Wednesday, November 25, 2009
Hello everyone, Ian here!
Do you like jam? I like jam, alot. Unfortunately the most common kinds involve strawberries, and as I am allergic to them, I am usually scared to eat any red jams haha. So when Aimee from Under the High Chair extended an invitation to Christie and I to attend and participate in her annual Jam Swap event, we were, to say the least, very excited. The requirements were simple enough, make Jam, bring said jam, and exchange said jam with others at a fun get together. Sounds simple enough? Yes, though quite quickly afterwards, Christie and I realized that neither of us had ever made any jam.
Our first idea was to make batches of Christies homemade chocolate & hazelnut spread, though we realized that the sterilization and jarring process was going to be 50% of the challenge of making a jam. After a nice weekend visit to the Atwater market that weekend, we decided to change the original plan once we laid our eyes on some local cranberries. Neither of us had any idea that cranberries were produced locally, and were quite happy to discover that there were abundant amounts apparently. Christie and I have been doing our best to select as many locally grown/produced food products as possible, thus using local cranberries made far more sense to us than imported chocolate and hazelnuts.
Cranberries chosen, Christie and I settled on her classic Cranberry and Port sauce, which, although technically not a jam, was acceptable as the Jams were varied from classic fruit jams, to delicious salsas, mmmmmmmmm (can you tell that I loved the salsa?). Making the sauce itself was alot of fun, as we had never made that much of it before. The jarring process seemed intimidating at first, and our first test attempt failed, though we quickly realized that this was due to a small amount of sauce being found on the rim of the jar when we screwed the lid on before the boiling process. Once we had found that out, each batch went swimmingly.
Needless to say, the jam swap went really well, there were so many absolutely delicious creations there, with my favorite easily being one of Aimee's amazing pumpkin preserves. If you ever have the chance to try this, jump on it, you wont regret it. Christie made sure to get me some, and I am hoarding the stuff.
On a side note, please take a moment to visit Aimee's wonderful website (link at the bottom of this posting), you really wont regret it.
Thank you very much again from Christie and I to you and your family Aimee for the wonderful hospitality! Hope everyone enjoys the photos as much as we all had fun at this event.
Under the Highchair
Thursday, November 12, 2009
Yay, we made crème brulee for the BB's!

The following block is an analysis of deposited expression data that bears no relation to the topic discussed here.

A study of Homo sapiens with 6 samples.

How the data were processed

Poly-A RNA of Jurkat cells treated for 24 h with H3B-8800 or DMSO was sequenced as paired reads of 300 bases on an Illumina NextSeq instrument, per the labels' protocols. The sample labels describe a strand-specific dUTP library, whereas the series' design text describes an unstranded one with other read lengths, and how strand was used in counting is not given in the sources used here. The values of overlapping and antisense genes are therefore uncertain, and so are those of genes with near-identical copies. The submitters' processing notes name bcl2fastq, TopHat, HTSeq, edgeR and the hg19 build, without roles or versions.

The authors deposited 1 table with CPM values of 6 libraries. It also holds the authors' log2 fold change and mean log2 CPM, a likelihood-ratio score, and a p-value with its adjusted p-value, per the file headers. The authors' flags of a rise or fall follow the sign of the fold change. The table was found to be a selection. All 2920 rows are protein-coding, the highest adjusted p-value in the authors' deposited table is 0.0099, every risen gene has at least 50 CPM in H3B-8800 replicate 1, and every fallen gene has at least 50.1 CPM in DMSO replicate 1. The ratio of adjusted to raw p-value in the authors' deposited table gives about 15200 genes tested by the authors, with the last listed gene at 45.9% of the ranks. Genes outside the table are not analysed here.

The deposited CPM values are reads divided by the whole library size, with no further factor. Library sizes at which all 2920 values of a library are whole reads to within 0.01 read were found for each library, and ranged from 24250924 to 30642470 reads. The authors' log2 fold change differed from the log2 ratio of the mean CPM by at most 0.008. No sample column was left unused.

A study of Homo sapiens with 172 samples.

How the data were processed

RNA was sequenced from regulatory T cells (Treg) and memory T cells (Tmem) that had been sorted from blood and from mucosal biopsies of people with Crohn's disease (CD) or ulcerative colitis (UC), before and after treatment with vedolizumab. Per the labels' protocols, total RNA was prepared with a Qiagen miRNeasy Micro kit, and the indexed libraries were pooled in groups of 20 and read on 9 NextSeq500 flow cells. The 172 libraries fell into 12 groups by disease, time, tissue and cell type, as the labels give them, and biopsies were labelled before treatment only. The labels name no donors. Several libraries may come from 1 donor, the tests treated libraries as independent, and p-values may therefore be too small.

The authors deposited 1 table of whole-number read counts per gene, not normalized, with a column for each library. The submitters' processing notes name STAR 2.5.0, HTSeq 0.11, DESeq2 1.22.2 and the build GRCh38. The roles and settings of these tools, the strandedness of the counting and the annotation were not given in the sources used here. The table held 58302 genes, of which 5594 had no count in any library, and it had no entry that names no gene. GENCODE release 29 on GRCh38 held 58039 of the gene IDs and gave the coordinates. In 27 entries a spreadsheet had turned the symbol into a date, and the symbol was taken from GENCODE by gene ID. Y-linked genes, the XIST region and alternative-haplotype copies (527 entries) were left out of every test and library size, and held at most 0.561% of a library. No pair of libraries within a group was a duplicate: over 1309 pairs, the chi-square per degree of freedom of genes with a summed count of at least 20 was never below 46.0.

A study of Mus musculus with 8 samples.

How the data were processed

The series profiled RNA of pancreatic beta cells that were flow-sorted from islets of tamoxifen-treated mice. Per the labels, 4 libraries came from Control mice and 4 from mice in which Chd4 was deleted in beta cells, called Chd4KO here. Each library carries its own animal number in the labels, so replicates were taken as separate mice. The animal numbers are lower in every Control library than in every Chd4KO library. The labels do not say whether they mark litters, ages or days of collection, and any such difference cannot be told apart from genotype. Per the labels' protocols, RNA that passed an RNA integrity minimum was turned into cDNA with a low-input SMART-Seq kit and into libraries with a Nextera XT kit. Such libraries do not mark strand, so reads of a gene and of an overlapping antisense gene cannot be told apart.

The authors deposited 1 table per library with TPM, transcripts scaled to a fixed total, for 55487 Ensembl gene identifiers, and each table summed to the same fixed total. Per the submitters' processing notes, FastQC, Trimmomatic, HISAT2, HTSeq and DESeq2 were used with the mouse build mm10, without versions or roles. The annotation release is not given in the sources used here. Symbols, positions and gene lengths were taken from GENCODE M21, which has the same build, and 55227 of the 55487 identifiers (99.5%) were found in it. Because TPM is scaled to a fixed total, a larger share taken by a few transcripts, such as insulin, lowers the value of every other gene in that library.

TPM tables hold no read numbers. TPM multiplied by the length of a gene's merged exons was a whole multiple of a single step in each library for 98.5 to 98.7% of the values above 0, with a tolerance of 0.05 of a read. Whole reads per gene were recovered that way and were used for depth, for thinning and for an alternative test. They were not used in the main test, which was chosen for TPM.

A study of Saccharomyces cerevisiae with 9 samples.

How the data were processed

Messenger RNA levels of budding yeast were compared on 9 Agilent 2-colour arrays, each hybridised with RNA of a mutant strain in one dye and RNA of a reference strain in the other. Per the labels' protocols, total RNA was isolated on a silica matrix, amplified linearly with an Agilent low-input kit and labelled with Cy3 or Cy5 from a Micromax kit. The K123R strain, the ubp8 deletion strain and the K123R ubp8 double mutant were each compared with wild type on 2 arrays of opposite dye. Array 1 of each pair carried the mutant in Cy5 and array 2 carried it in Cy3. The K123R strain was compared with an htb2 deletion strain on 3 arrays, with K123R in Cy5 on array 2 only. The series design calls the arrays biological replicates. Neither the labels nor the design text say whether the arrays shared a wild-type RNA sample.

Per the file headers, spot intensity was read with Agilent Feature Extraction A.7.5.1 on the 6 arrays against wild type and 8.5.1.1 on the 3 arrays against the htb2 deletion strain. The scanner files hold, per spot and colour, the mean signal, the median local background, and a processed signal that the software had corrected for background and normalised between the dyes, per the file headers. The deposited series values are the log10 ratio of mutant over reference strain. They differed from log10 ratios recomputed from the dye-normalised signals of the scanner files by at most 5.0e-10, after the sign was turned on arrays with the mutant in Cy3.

It was actually really simple and fast although in the end we were a little disappointed. Our "crème" was really eggie and Ian called it sweet scrambled eggs. Not something you particularly want to hear eh!
I wasn't sure how to caramelize the sugar because we didn't have a torch For days I searched all around the web and stores for a reasonably priced one but couldn't find any. Then when I had finally given up, one went on sale at good 'ol Canadian Tire so I asked someone to pick it up for me today. The moment I step into the house I opened the box to check out my new contraption and of course it needed butane.
Sigh, so my new gadget is still in the box and we had to experiment with the broiler. There was a little more "burning" than caramelizing but I think I have figured it out. Tomorrow I get to really go nuts with the torch on the last three brulees!
Recipe is here
Monday, November 2, 2009
Happy Halloween Everyone!
For a second year running Ian and I found ourselves knee deep in 60 pounds of apples that we picked during the notorious apple season in Quebec. Lately we’ve been searching high and low for the best recipes to use up these apples, hence the past two posts! As Halloween grew nearer we figured “Hey, what else have we got in the cupboard that could accompany these apples?”
light corn syrup… check
red food dye… check
apples… double check
And within 20 minutes, these gorgeous red candy apples were born! Yes seriously, from the beginning till the time that the first one is in your tummy there is a grand total of 20 minutes spent.
Not only are they simply delicious, but they truly do bring back memories of being four feet tall and crying until someone bought you one of those large red apples. If you have any extra apples leftover and can successfully check off the above list, give them a try, they’re worth it!
Also, this being a Happy Halloween post, here are a few pictures from a truly ghoulish Halloween party put on by our friend Marc. I’m pretty sure that when he moved into his apartment he only brought boxes full of Halloween decorations because the second we walked in we were transported to another nightmarish universe! Every single inch was decorated and the details were incredible! Ian went as a 1940’s press photographer and was able to get some amazing shots; while I was a Cigarette Girl from the 1920’s who handed out Popeye candy cigarettes.
adapted from Martha Stewart
2 cups sugar
3/4 cup water
1/2 cup light corn syrup
1 teaspoon red food coloring
Line a baking sheet with parchment paper and spray with cooking spray. In a medium saucepan, combine sugar, water, corn syrup, and food coloring. Bring to a boil over high heat. Insert candy thermometer and continue to boil until temperature reaches between 300 degrees and 310 degrees (hard crack stage), about 10-15 minutes.
Insert a wooden stick into the top of each apple, pushing about halfway through; set aside. When mixture reaches temperature, immediately remove from heat. Working quickly, dip apples in sugar mixture until completely coated. Transfer to prepared baking sheet; allow to cool for 5 minutes.